200 YEARS AGO ON AUGUST 15, 1822

 “To succeed in your intentions, entrust yourselves to the Blessed Virgin Mary always, but especially in moments of difficulty and darkness. ‘From Mary we learn to surrender to God’s will in things. From Mary we learn to trust even when all hope seems gone. From Mary we learn to love Christ, her Son and the Son of God…Learn from her to be always faithful, to trust that God’s Word to you will be fulfilled, and that nothing is impossible with God.’” (St. John Paul II)

We go back to 1822. In the midst of all his concerns for the survival of his newly-founded Missionary family, Eugene celebrated the feast of the Assumption. It was a day which was to leave a permanent impression on our Mazenodian family.

Eugene’s letters of 1822 have shown the many concerns and difficulties he was experiencing. Not least among these was his worry about the survival and future of his small group of Missionaries. It was in this spirit that he blessed the new statue in the chapel, which became the opportunity for a powerful life-giving insight. He immediately wrote to Henri Tempier, who was in Laus.

I believe I owe to her also a special experience that I felt today; I will not go so far as to say more than ever, but certainly more than usual.
Eugene was usually very reticent about describing his deep spiritual experiences. His “more than usual” experience was connected with the life of the Missionaries of Provence, who were experiencing external difficulties and whose future existence was in the balance.
I cannot describe it too well because it covered several things, but all related to a single object, our dear Society.

He then described the confirmation that he received that the foundation of the Missionaries had come from God and that God assured him of a solid future for this group.

It seemed to me that what I saw, what I could put my finger on, was 
that within it lies hidden the seed of very great virtues,
and that it can achieve infinite good;
I found it worthy,
everything pleased me about it,
I appreciated its rules, its statutes;
its ministry seemed awe-inspiring to me, as it is indeed.
As I looked at the Society I found in it a sure, even infallible, means of salvation.

Letter to Henri Tempier, 15 August 1822, EO VI n 86

This was the grace that the Oblate Madonna had obtained for Eugene: a God-given assurance that he was on the right track and that he needed to persevere despite all the external storms raging around him that seemed to threaten the existence of the Missionaries.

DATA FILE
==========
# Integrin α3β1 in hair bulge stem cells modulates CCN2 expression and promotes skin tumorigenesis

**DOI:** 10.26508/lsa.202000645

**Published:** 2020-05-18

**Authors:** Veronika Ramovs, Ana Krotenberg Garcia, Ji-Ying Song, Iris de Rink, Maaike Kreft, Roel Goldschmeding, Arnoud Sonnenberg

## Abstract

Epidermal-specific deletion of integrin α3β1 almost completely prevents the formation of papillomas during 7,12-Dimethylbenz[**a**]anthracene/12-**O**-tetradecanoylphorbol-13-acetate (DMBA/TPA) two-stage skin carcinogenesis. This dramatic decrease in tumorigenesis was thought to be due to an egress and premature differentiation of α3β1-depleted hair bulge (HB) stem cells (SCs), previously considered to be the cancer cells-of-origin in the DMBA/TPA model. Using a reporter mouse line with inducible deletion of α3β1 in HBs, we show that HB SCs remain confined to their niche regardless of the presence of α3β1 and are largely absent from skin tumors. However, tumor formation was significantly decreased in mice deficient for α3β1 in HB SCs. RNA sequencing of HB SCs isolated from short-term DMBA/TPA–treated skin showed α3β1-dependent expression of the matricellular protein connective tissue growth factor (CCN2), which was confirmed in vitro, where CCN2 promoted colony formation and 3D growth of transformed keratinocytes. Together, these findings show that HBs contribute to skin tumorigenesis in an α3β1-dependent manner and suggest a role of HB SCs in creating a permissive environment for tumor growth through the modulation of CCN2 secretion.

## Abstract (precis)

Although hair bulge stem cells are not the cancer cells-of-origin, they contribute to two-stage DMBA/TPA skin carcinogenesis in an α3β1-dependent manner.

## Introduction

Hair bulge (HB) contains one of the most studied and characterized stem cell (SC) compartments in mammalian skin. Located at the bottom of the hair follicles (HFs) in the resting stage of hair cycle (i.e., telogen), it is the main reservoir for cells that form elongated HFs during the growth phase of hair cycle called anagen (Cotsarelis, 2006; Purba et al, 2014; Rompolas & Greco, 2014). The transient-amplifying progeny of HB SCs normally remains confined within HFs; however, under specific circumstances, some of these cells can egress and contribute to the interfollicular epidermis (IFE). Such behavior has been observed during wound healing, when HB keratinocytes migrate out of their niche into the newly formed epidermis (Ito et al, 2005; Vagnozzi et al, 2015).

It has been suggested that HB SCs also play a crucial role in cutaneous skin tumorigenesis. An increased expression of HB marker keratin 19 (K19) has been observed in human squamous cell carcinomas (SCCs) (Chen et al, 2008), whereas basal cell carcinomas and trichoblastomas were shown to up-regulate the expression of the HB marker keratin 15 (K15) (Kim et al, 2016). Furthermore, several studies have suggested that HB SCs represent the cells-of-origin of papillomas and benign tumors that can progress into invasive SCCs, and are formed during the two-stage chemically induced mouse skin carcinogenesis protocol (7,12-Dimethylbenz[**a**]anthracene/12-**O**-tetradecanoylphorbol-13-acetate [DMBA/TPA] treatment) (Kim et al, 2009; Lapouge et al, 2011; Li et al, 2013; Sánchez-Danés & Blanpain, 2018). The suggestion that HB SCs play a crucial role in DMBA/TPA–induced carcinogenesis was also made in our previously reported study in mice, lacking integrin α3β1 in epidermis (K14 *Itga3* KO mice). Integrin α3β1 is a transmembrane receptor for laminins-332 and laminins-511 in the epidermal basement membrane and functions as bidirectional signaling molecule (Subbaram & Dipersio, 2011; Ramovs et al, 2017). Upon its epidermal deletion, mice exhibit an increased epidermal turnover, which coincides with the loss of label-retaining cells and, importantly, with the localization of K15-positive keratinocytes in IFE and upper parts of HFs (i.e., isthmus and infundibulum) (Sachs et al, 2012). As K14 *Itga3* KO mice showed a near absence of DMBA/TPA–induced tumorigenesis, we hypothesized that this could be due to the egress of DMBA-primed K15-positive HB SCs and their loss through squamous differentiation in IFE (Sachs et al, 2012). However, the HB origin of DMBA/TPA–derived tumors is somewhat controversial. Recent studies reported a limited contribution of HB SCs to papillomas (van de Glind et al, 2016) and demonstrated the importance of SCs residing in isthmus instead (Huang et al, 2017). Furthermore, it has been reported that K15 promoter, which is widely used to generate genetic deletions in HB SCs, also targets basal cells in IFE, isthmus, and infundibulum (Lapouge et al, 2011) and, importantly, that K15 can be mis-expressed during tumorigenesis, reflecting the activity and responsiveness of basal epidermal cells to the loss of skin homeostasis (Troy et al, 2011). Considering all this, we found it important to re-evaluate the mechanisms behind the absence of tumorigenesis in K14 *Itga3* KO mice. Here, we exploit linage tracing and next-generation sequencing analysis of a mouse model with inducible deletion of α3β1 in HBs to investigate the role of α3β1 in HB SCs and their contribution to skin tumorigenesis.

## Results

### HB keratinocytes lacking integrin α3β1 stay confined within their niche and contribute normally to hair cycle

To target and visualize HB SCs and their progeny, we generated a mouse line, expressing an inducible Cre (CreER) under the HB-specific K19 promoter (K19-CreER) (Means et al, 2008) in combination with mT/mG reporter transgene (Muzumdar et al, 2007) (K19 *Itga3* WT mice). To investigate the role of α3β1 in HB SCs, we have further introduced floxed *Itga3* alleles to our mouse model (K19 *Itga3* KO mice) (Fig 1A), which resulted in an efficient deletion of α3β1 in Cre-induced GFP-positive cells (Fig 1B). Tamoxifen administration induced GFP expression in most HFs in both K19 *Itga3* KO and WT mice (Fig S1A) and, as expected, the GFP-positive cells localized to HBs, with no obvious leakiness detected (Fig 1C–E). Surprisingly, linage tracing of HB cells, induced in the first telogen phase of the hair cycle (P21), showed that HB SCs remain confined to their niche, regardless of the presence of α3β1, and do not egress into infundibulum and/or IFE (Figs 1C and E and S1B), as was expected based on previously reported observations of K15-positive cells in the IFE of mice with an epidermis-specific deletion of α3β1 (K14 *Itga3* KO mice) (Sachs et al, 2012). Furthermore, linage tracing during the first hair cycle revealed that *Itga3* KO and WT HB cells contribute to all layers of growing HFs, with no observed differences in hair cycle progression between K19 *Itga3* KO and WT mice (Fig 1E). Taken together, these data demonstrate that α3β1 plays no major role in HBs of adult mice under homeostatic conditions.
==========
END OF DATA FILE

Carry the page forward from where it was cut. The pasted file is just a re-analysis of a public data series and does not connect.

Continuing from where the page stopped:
Two hundred years later we continue to reap the harvest of this boost of confidence which our Oblate Madonna “smiled” on us.


  1. Eleanor Rabnett, Oblate Associate says:

    Many years ago I took a “break from church”. For about two years I would go to Church only for weddings or funerals or very special occasions. When finally I decided I wanted to return I asked Mary to accompany me, to take my hand so that I could enter with her and I would ask her to sit there with me.

    And she did. As I look back I realise this was just before meeting the Oblates in a personal and life-changing way.

    “From Mary we learn to surrender to God’s will in things.” Yes, yes I think but I also wonder if there might be small ways that I have held back and did not let go of. The tiny niggly little doubts that seem to rise from the darkest corners of our hearts. What might I be holding onto, just in case…

    “Learn from her to be always faithful, to trust that God’s word to you will be fulfilled, and that nothing is impossible with God.” Yes, yes I tell myself – I know that. But, I stop and ask myself if I truly believe it. She’s seen it all, experienced it all…

    I decide to let go of the little ‘what ifs’ – if I let them rule my life, I will surely shrivel up and die. But I want to live, fully… just as God promised when he said “Eleanor, I love you…”

    This is one of those times when I must ‘walk the walk’. I choose to say yes to life, to say yes to Mary as she holds out her hand to us, to me…

    “Two hundred years later we continue to reap the harvest…” I am not alone; I am a part of something so much greater than myself on so many levels. Holding on to Mary’s outstretched hand I take small, tentative little steps than will only grow more sure with the walking.